Back to the Roaring 20s with KGV

PUBLISHED : Friday, 19 March, 1993, 12:00am
UPDATED : Friday, 19 March, 1993, 12:00am

AS the curtain rises at the King George V School hall, one is taken back in time to that period known as the roaring '20s.


There are the flappers (young women in the 1920s, known for flaunting their unconventional dress and behaviour) with feathery headdresses and long strings of pearls, and the men with tall hats . . . Welcome to the city of Chicago! Chicago will enthral audiences with the razzle-dazzle, the Dixieland jazz, songs, dances and the sharp, colourful costumes.


The musical, performed by some 150 students, is the highlight of the school's calendar. Director Claire Bowen said: ''It has been undertaken very professionally by the students and very effectively; we had great fun.


''Basically, I think it will be very good,'' she told Young Post at a dress rehearsal.


Preparation started with school-wide auditions for the cast before rehearsals went into full swing last December. With a school population of 1,200, a good one-quarter of the student body - pupils from year seven to 13 - is involved in working on the costumes, the lightings, music and as backstage crew.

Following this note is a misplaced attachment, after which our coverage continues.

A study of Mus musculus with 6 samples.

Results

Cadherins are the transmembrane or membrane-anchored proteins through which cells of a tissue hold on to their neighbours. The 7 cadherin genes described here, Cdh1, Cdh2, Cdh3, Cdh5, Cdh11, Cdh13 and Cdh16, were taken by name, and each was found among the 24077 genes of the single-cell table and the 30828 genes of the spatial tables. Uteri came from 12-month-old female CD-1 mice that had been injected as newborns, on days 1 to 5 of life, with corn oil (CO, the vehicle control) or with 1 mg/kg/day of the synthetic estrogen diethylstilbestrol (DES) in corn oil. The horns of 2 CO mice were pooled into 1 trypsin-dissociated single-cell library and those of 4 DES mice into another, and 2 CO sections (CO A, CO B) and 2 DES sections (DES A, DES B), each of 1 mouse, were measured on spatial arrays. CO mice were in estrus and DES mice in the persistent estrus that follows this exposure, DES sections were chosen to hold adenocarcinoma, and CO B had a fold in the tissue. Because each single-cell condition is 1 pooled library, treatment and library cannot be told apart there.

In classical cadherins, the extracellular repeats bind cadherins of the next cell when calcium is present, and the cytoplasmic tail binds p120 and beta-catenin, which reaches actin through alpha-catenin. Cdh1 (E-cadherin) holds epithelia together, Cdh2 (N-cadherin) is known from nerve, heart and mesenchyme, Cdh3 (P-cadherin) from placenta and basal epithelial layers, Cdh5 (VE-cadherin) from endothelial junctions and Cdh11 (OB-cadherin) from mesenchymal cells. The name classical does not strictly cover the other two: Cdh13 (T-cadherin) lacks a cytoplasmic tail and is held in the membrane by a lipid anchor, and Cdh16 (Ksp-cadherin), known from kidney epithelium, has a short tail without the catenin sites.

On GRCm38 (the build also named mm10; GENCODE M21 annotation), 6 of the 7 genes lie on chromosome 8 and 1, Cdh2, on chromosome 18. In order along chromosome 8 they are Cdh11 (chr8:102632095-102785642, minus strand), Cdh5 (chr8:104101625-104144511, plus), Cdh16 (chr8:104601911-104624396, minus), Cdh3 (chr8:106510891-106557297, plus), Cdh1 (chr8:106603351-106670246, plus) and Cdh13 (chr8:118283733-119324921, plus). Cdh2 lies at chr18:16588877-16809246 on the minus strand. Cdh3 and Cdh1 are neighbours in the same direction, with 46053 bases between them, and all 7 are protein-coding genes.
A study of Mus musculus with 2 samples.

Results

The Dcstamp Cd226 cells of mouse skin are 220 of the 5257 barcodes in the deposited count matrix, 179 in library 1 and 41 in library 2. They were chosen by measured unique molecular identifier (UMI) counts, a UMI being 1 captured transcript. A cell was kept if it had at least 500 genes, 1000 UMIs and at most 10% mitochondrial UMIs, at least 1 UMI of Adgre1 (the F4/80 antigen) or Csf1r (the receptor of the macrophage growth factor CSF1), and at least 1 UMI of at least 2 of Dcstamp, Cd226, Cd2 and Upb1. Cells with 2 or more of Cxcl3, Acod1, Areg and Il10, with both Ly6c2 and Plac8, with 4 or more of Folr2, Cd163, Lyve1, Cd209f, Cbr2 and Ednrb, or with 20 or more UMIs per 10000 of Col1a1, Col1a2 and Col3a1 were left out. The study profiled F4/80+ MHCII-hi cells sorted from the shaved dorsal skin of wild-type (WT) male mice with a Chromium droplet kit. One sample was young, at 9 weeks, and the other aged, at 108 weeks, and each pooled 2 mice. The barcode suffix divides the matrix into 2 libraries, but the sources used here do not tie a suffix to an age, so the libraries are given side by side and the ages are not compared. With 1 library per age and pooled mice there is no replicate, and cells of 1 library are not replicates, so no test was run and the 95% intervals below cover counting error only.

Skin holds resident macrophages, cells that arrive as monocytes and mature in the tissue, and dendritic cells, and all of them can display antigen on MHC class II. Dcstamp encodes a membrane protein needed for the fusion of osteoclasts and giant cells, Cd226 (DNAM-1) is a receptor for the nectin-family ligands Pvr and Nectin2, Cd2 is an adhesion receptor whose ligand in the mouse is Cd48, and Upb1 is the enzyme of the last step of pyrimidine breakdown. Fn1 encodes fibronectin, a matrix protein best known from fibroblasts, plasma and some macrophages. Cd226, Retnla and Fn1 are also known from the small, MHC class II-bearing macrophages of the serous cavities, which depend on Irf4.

The story of the musical is about corruption in the Chicago of the '20s, where one could get away with murder as long as one knows how to exploit the system.


Taking the three leading roles are Zarina Shroff, Velma Kelly and Douglas Mo - all 16 years old. The trio are all excited about the show. Zarina plays Roxie Hart who murders her lover when the latter decides to break off their adulterous relationship. She said of the musical: ''There is a lot to remember, but we are quite confident once we know what we are doing.'' The production crew and the cast also underwent vigorous and intensive rehearsals for the musical.


Douglas Mo, who plays Roxie's defence lawyer, Billy Flynn, said: ''She [Ms Bowen] likes pressurising everybody; it keeps the energy going.'' Zarina said it was easy for the cast to get into their characters. ''Once successful at the audition, the cast isexposed to the language and music of the '20s.'' Music director Tim Chapman is responsible for getting the Chicago Stompers band into shape. He said there were no difficulties because the ''band specialises in Dixieland jazz''.


And the responsibility for getting students into their garb falls on Ms Melanie Davies. ''It took a lot of time getting the people together for measurement,'' she said.


While designing the costumes, Ms Davies said she read a lot of the script ''finding out about the different scenes''.


''I used my own ideas from what I know and many of the students helped make them,'' said Ms Davies, indicating the team effort involved.


The musical, which opened on Wednesday, ends tomorrow.